Apr 02, 2020

Lights, camera… dance

The Portable Dance Troupe starts a dance for their ‘Dances on the Edge’ show that is ending this week. The dancers in the ensemble are, from left to right: Jacob Carillo, Courtney Perry, Chris Buebscle and Lindsay Theis.
Seth Wood / The Collegian

Friday night was the first showing of the Portable Dance Troupe (PDT) performance of Dances on the Edge, a presentation reflecting the current social and political situation in our country.

Everything has meaning in the abstract performance. The dancers were frequently barefoot and wore street clothes. The colors and the style of the outfits were visual aids to the symbolism of the dance.

Born in 1960s New York City, postmodern dance incorporates the use of ballet and classical modern techniques. Instead of traditional ballet with slides, intricate footwork and men holding women in the air, there are more straightforward moves such as running, some leaps with more basic footwork and more repetition.

“It’s different than watching television where the meaning is pre-digested and delivered to you. The audience continues the imagination of the work,” artistic director Ruth Griffin said.

Kenneth Balint and Nicole Askren perform their piece. The two are a part of the student ensemble, the Portable Dance Troupe. The troupe’s concert, ‘Dances on the Edge,’ which will be running through Feb. 16. in the  John Wright Theatre and will be showcasing numbers by students enrolled in the troupe’s class.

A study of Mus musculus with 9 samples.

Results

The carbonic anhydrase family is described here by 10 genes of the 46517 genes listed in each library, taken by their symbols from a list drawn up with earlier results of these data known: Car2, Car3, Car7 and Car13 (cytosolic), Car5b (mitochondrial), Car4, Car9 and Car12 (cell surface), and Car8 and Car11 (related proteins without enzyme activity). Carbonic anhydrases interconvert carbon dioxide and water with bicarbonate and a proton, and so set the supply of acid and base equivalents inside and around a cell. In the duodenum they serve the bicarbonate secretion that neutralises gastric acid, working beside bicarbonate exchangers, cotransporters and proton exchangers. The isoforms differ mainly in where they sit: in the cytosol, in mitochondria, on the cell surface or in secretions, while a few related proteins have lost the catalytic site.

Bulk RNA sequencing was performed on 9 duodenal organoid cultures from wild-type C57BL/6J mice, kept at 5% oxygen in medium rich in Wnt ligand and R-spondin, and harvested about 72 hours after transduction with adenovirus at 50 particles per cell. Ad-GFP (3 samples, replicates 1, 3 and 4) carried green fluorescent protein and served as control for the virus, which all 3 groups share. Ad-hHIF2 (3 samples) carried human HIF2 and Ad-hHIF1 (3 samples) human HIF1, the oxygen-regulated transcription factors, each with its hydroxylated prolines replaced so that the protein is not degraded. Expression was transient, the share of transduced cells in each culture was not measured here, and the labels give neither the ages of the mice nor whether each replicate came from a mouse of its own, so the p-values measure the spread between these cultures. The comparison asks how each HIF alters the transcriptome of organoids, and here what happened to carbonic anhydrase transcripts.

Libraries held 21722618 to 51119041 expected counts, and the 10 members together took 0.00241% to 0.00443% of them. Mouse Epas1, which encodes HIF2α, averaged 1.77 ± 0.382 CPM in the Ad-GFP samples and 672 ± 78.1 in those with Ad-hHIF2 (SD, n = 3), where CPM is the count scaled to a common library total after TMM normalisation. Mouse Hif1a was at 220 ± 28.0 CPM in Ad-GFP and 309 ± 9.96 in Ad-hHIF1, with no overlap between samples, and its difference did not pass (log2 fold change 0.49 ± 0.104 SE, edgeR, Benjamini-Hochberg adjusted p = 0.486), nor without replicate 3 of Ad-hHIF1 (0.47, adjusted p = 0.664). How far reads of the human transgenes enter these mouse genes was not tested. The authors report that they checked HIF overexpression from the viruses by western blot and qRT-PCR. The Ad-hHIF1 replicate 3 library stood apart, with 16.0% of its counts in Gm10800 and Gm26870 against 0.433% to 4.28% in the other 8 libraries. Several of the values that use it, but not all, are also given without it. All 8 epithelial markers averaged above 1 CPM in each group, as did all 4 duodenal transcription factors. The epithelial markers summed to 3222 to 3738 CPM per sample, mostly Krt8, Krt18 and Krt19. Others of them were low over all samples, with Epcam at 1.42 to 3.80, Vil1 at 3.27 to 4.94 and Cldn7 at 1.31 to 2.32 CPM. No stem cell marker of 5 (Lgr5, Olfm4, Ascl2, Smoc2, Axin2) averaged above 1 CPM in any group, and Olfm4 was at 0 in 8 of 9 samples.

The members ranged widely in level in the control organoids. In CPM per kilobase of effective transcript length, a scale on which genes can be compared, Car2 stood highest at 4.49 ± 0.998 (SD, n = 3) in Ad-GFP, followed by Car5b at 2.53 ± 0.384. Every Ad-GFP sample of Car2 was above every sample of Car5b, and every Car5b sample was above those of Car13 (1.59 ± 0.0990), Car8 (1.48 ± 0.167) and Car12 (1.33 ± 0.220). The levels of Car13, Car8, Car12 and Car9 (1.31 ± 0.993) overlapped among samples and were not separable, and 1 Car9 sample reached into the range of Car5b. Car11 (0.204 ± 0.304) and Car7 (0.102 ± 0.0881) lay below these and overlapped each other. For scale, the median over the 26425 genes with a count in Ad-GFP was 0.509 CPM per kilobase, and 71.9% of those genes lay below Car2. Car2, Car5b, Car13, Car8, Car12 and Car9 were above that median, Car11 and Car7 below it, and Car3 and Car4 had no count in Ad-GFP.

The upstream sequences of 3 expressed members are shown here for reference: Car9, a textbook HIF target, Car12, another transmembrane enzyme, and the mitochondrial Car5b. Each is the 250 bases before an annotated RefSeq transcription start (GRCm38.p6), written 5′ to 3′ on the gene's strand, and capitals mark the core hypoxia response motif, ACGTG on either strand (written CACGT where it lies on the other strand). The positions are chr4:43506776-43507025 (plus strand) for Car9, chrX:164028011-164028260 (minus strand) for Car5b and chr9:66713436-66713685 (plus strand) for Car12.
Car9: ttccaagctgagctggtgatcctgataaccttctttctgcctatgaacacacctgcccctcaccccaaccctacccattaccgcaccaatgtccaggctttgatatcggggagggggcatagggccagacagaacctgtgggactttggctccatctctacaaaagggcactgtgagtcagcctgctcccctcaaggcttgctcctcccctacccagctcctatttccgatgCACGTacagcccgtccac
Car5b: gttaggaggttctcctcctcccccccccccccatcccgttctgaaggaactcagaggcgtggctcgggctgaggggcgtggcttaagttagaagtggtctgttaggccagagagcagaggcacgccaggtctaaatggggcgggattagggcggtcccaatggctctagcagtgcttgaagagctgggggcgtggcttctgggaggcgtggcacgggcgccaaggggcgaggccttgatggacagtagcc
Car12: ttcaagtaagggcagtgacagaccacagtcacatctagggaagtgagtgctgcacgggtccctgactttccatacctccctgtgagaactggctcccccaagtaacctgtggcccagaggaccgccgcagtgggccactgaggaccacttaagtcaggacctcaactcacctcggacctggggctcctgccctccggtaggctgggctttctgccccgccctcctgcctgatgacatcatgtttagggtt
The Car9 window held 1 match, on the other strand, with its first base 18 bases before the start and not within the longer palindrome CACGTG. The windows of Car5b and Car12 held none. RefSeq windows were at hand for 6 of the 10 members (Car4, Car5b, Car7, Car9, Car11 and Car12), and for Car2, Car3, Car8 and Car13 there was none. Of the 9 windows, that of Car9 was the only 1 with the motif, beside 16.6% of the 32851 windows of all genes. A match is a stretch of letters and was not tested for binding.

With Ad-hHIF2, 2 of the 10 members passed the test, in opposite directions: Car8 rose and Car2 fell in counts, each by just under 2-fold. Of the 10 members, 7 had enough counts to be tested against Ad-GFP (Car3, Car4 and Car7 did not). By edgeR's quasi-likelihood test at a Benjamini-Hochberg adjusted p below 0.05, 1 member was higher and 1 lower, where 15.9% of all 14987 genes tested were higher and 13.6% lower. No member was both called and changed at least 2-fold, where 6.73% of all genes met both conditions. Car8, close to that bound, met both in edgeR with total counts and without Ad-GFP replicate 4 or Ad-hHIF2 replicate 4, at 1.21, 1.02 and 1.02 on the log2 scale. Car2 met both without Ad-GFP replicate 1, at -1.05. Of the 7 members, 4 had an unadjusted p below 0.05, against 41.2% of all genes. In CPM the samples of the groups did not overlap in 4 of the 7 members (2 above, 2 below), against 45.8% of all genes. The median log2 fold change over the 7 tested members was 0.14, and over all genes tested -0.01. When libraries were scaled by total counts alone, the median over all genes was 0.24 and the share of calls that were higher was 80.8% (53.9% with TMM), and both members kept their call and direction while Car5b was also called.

Seth Wood / The Collegian

The dance troupe is a class that is available for open enrollment, although every student must audition to be considered for a part in the show.

Senior Jacob Carrillo has learned a lot with the PDT, and encourages anyone to try the class.

“Modern training is becoming incorporated more in theatrical dances. It is more cost-effective than private lessons by taking a class here and get the full experience of putting on a student-run show,” Carrillo said.

The experience gained while dancing for PDT has contributed to several students’ success as they’ve gotten an opportunity to perform in front of an audience.

Griffin has seen many students go on to become professional dancers after being involved in the PDT .

“With this course, I want to incorporate an open idea for a modern art form where the audience is the sole collaborator in the meaning of the work,” Griffin said.

The shows gain more popularity by word of mouth, especially after the opening night. There has been continued support by students, faculty and members of the community. Mary Anna and John Dunn are donors to the University Theatre, as well as loyal season ticket holders. The first show they saw was Intimate Apparel in the fall of 2006.

“We moved here four years ago and have been impressed with every show we’ve seen,” Dunn said, “The shows involve classical as well as controversial themes, which is what these student performances should do.”